Market analysis: Shale a sword of Damocles over oil
Opec and non-Opec members decided during their meeting on May 25 to renew their production agreement at current levels for another nine months.
In a joint statement Khalid Al Falih, the Saudi Arabian energy minister, and the Russian energy minister, Alexander Novak, stressed the need for an inventory target, rather than a price one. This decision, validating the million-barrel supply cut decided during the previous Opec gathering in November, was widely anticipated by market participants. It aims to reduce large commercial oil inventories that have reached a fresh high, 10 per cent above the five-year average.
So far, all signatories to the agreement have been very disciplined, the compliance rate to the current supply cut is close to 100 per cent, a very rare figure when compared with historic supply cuts. Saudi oil diplomacy has played a major role in initiating and maintaining this supply cut agreement. The market is almost balanced after three years of oversupply. In April, global oil supply reached 96.2 million barrels per day, almost the same level as in early 2015. On the other hand, demand is still expected to grow by more than 1.3 million bpd this year to reach 97.9 million bpd, meaning that inventories should start to reduce.
However, in this robust environment, oil prices have not rallied; Brent crude is still trading next to US$50 per barrel and has fluctuated in a narrow trading range in the past 12 months, between $43 and $52 per barrel.
The reason for this status-quo comes from the United States, the producer that has emerged as the troublemaker of the decade, with the development of the shale oil industry. This industry has benefited from a long period of oil price stability and low volatility between 2011 and 2014, not only to expand but also to generate strong productivity gains that have allowed US producers to reduce considerably their costs of production. US shale oil players have come a long way since they were sitting at the top of the cost curve. The recent recovery of oil prices, following the fall of 2014 and 2015, has allowed shale oil players to increase their capabilities and supply, sharing at the same time a good indication of their cost of production. The question is not anymore whether they can stay in business but how strong their supply growth recovery will be.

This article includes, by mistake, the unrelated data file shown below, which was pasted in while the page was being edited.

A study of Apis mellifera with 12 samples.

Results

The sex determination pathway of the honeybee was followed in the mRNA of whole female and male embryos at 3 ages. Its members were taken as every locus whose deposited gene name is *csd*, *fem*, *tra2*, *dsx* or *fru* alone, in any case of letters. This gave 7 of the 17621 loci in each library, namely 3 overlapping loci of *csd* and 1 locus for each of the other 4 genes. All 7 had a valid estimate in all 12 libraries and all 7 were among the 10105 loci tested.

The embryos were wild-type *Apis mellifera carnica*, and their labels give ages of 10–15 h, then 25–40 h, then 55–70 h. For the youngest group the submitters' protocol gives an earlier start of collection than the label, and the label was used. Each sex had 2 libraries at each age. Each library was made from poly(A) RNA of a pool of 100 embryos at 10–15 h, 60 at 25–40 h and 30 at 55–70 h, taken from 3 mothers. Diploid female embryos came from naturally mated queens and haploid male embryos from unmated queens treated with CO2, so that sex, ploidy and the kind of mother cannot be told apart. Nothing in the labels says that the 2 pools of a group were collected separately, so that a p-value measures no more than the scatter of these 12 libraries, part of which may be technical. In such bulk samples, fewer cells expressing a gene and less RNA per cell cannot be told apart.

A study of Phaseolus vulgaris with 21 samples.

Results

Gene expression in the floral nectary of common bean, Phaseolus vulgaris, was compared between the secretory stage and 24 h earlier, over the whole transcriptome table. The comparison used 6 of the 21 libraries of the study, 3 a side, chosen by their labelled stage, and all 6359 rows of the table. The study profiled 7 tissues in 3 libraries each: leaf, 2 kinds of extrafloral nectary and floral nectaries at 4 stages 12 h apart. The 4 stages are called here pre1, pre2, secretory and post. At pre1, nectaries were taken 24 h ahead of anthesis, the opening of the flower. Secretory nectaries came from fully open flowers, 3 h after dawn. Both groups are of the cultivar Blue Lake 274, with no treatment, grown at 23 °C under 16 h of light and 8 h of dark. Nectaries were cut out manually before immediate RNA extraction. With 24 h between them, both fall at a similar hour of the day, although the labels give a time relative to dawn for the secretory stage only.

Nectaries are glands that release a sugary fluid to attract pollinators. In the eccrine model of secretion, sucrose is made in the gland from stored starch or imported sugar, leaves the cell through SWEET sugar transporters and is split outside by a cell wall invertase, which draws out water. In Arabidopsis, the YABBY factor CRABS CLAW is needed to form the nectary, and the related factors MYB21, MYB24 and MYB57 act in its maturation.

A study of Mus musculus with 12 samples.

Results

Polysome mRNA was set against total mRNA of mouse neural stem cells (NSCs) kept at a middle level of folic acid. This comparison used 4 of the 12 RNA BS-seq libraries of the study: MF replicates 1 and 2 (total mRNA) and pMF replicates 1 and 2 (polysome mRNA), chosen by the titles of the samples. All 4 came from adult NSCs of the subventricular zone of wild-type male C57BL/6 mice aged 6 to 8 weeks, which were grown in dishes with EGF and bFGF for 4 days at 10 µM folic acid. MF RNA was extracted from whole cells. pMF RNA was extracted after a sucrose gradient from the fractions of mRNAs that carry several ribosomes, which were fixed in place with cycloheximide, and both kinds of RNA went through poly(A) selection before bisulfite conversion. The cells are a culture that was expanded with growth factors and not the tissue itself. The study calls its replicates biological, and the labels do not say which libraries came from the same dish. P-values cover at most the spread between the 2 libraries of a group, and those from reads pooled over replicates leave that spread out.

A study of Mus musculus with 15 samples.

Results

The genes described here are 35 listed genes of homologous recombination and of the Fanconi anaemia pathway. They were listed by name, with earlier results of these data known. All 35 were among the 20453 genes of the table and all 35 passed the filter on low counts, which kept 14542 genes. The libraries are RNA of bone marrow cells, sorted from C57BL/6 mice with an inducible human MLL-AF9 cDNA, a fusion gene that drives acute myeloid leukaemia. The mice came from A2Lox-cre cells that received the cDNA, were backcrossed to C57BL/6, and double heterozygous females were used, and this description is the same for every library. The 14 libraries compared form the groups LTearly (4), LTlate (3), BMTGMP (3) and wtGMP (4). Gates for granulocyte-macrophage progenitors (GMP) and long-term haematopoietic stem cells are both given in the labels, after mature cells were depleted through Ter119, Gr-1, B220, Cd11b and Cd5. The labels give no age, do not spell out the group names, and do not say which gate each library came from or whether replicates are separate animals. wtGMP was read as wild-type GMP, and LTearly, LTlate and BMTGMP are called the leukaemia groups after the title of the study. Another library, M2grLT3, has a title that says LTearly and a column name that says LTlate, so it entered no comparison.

US oil supply has surged by 500,000 bpd since January 2017 and should increase more during the second half of the year because of vigorous drilling activity. The number of rigs in activity in North America has doubled since the lows of 2016 to reach 1,015 by the beginning of June, despite a shortage of equipment and crews, which has temporarily increased production costs. The profile of these shale producers, which are privately owned and economically driven in their decision to adjust their oil supply, offers a good predictability, but also constitutes a permanent threat to incumbent producers, thanks to their ability to adjust their production almost instantly to market prices.
Excluding major events that might create a disintegration of oil supply, future oil price appreciation is likely to be limited in time. Any additional rise in oil prices will bring back additional US competition to the game and Opec members and their allies will have no choice but to reduce their market share or to observe a new price drop. They have very limited options to counter them.
The resurgence of these US competitors is not a surprise, and they will act as a permanent cap on the market, not allowing oil prices to rise again to levels seen at the beginning of the decade, above $110 per barrel at their peak.
This new paradigm is a drain for many hydrocarbon-driven economies; their public budget revenues have already been halved in the past years. Their governments are still dealing with this transition, which looks set to continue for longer than expected.
Sebastien Henin is a managing director and the head of wealth management at Alienor Capital.